News feeds as of late have been absolutely dominated by headlines touting Koenigsegg’s new and wild science project/hyper car, the Regera. What’s so unorthodox about the Regera you ask? How about the lack of gears – you know, those shifty things that 99.999 percent of cars have?
The concept is as innovative as it is confusing (and poorly explained from what we’ve seen). So, we thought we’d take a crack at explaining the mechanical birds and bees of just what’s transpiring under the Regera’s hood. Here goes…
The car is powered by a twin-turbo V8 that produces a “totally-sane” 1100 horsepower. Supplementing that gratuitous output are three electric motors. Two of those are mounted at the car’s rear wheels, while a slightly smaller third motor is positioned on the back of the engine. When the electronic motors are all working in harmony, they tack on an extra 700 horsepower to the engine, making for a combined output of 1800 completely-necessary-and-in-no way-utterly-ludicrous horsepower. Now, on to the gears – or lack thereof …
Anyone who has ever tried to start their car in third or fourth gear (whichever is closest to a 1:1 gear ratio) is well aware that end result is an embarrassing stall, or at best, a seriously bogged down engine. The Regera is no exception to this rule.
When Koenigsegg decided to hydraulically link its engine to the rear differential and exclude a gear set in between the two, they didn’t do so without a plan. In order to make up for a lack of torque on take-off (due not to a lack of engine power, but mechanical advantage) the car relies on its two, rear electric motors to do most of the leg work. The gasoline engine gets to relax for a few seconds as the car works its way up in the revs.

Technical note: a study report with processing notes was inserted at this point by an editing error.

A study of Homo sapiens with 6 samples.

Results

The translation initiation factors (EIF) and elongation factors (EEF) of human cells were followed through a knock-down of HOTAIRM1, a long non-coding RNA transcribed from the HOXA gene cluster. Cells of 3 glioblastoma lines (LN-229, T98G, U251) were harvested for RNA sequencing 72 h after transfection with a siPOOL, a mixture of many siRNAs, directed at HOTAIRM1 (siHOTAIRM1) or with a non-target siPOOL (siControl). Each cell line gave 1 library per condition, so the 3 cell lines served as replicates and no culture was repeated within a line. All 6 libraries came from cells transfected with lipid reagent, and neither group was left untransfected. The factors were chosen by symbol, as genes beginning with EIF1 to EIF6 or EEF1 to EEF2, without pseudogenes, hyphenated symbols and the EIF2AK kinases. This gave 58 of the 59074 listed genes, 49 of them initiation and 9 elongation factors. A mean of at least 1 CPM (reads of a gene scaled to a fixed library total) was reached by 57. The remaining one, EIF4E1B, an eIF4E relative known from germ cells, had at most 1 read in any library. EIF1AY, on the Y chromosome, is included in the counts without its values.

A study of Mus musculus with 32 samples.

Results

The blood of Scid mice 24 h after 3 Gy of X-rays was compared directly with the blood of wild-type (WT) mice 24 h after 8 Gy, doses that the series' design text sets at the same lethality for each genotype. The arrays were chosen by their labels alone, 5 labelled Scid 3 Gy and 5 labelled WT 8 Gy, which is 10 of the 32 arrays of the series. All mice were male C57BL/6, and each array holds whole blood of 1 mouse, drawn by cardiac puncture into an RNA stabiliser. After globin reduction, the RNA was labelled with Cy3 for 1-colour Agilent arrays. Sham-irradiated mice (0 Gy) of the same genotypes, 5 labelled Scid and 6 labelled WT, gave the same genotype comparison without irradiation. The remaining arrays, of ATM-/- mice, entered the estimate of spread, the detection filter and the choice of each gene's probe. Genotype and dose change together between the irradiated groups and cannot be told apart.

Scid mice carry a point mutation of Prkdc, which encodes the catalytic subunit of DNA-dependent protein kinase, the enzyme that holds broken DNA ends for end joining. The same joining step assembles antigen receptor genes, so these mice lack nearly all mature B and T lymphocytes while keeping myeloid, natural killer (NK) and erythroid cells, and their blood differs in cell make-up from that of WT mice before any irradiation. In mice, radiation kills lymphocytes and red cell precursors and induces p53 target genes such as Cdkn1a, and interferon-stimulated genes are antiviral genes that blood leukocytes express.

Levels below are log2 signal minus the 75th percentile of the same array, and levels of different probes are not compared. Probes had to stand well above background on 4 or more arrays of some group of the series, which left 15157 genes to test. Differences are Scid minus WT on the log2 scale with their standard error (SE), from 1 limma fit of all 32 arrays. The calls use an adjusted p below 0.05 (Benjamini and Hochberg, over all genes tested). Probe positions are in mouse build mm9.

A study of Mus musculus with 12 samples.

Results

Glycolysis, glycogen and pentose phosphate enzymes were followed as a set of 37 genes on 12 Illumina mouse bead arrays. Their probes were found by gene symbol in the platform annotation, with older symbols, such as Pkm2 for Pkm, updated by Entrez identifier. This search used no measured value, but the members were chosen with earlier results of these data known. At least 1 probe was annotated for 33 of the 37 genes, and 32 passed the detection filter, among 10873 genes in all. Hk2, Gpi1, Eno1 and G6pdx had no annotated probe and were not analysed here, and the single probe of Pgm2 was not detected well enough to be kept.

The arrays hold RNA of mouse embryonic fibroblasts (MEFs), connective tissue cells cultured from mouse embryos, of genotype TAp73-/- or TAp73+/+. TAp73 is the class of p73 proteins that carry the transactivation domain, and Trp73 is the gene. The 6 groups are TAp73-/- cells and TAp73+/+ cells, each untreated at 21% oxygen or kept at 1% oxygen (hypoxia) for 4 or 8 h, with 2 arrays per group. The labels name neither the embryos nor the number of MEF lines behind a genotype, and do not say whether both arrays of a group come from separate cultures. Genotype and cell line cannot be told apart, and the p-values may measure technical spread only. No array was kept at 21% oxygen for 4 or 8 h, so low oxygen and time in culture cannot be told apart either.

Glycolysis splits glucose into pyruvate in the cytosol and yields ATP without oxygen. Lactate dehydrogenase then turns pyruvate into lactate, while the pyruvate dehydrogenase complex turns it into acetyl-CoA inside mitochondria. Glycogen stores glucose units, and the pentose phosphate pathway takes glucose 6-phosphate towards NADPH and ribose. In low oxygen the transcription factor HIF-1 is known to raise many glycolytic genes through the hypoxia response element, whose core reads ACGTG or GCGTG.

So how does that hydraulic system work? Much the same as a conventional lock-up-style torque converter. When the car is stationary, the hydraulic coupling that links the engine to the differential allows enough slip to prevent the it from stalling or bogging down. At approximately 30 mph when the engine begins to produce steam, the hydraulic coupling rigidly locks up, sending the engine’s power directly to the rear tires.
Why remove the transmission completely? “I’ve been wanting to create something like this without a CVT’s horrible elasticity, and the weight and complexity transmissions bring,” Christian Koenigsegg said in an interview with Top Gear. “I came up with the idea last summer, and calculated that there is no need to have any gears. It was a eureka moment for me!”
This is certainly a departure from the norm but with such stratospheric power levels on tap, and an exceptionally wide power-band (thanks to the combination of turbocharged-gasoline and electric motors) we don’t see the lack of gears as being any sort of detriment to the car’s performance. Koenigsegg is already claiming out-of-this-world acceleration figures of 0-250 mph in less than 20 seconds. They also claim that excluding a conventional gearbox saved the car a tremendous amount of weight. We can’t wait to see this rare steed hit pavement!